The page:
Newark officer hit a pedestrian with his car, then took the body home, prosecutors say

Louis Santiago was charged with reckless vehicular homicide after being accused of hitting a man on the Garden State Parkway. Instead of calling 911, the off-duty Newark police officer took the victim to his home.

In an undated photo from the Essex County Prosecutor’s Office, Newark Police Department Officer Louis Santiago. – Essex County Prosecutor’s Office via The New York Times

A Newark, New Jersey, police officer has been charged with reckless vehicular homicide after prosecutors said he hit a pedestrian with his personal car and briefly took the body home, where he discussed what to do with it with his mother.

The Newark Police Department officer, Louis Santiago, was off duty Nov. 1 when his Honda Accord drifted into the northbound shoulder of the Garden State Parkway around 3 a.m., the Essex County Prosecutor’s Office said in a news release Wednesday. His car struck Damian Z. Dymka, 29, a nurse from Bergen County.

Neither Santiago nor the passenger in his car, Albert Guzman, both 25, called 911 or rendered aid to Dymka, the prosecutor’s office said. Instead, Santiago left and returned to the scene multiple times before loading the victim into the Honda and driving to his home in Bloomfield, New Jersey. The two men then discussed what to do with the body with Santiago’s mother, Annette Santiago, 53, according to the prosecutor.


Louis Santiago eventually returned to the scene, the prosecutor’s office said. Santiago’s father, a lieutenant in the Newark Police Department, also called 911 to report that his son had been in an accident.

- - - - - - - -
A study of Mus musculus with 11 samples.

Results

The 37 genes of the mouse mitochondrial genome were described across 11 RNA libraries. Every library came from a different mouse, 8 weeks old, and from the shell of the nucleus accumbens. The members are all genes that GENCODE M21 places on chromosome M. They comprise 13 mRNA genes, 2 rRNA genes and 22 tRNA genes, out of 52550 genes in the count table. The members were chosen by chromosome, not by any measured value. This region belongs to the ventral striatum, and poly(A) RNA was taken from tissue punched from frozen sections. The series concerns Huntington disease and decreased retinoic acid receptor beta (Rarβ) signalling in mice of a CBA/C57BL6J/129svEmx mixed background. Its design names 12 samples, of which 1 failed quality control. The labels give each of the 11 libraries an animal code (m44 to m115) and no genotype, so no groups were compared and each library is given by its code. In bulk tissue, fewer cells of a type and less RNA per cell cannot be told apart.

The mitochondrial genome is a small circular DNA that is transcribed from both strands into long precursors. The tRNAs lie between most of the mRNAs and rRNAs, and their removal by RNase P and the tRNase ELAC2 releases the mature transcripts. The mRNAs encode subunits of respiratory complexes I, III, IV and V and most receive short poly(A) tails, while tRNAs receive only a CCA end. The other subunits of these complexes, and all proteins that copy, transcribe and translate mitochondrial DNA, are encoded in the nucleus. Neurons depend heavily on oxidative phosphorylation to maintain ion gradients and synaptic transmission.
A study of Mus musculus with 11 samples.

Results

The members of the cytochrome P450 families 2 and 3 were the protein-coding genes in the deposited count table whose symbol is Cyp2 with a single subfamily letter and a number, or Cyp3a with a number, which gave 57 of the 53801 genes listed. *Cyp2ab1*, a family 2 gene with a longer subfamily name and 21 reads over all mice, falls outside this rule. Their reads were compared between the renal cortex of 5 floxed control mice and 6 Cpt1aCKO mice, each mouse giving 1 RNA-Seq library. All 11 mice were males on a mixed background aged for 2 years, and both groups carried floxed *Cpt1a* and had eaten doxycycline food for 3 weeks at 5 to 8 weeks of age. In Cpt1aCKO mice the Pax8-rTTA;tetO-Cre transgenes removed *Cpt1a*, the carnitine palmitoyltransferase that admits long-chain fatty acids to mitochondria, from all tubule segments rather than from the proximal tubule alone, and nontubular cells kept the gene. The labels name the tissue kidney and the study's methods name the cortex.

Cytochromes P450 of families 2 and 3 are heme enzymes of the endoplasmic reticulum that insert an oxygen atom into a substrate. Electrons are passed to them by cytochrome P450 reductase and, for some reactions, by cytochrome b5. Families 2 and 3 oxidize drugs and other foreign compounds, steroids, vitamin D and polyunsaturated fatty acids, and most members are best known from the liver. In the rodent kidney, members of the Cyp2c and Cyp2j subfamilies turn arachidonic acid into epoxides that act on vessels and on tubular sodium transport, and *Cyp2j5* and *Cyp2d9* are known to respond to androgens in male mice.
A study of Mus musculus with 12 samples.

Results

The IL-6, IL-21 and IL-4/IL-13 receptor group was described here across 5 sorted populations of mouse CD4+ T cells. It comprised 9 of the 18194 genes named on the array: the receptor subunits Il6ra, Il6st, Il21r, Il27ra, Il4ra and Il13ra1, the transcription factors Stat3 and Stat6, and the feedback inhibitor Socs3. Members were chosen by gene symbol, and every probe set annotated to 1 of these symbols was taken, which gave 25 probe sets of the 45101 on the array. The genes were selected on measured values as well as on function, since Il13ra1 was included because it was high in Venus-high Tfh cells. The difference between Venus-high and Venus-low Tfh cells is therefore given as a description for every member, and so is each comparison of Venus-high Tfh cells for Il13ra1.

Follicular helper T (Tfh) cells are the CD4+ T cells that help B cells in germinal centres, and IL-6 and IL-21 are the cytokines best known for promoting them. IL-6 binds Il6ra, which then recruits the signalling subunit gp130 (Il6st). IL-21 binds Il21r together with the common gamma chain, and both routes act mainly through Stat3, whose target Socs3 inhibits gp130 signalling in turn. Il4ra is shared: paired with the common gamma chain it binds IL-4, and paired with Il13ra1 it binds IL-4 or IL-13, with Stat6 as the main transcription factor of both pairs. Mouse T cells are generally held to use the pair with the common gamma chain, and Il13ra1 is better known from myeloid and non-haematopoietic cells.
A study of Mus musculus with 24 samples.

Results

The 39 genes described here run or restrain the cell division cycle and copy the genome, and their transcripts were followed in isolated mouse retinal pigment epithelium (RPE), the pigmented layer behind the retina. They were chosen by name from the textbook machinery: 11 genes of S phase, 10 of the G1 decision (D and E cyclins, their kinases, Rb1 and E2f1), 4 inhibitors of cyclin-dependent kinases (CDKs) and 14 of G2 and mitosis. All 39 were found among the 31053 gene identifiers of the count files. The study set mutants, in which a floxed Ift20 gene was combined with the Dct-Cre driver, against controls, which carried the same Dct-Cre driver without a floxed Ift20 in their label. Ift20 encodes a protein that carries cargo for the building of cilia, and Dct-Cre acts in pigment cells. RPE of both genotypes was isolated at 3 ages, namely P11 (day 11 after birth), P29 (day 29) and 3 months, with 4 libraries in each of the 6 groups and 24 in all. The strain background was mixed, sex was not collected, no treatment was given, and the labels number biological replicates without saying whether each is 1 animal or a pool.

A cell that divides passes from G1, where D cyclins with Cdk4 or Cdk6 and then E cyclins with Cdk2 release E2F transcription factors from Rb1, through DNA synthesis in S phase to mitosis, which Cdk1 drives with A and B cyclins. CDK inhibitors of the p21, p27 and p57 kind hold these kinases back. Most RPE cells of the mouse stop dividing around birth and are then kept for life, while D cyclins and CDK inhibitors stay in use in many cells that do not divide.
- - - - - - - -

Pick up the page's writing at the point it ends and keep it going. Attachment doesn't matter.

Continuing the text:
When the state police arrived, they found Dymka’s body in the Honda’s back seat.

Louis Santiago, Guzman and Annette Santiago have been arrested, charged and released on conditions, the office added.

In addition to vehicular homicide, Louis Santiago faces charges including leaving the scene of a deadly accident, endangering an injured victim and two counts of official misconduct.

Guzman and Annette Santiago each face charges including hindering apprehension and conspiracy to desecrate human remains and tamper with physical evidence.


News of the charges was reported earlier by the news site and The New York Post. It was unclear whether the three had legal representation.

The release from the prosecutors office did not name Santiago’s father or indicate when he had called 911. It also did not say when Dymka died or why he had been in the shoulder of the Garden State Parkway in the middle of the night.

The Essex County Prosecutor’s Office and the Newark Police Department could not immediately be reached for comment early Thursday morning.

Dymka was a nursing supervisor at the Preakness Healthcare Center in Wayne, New Jersey, according to the center’s website.


This article originally appeared in The New York Times.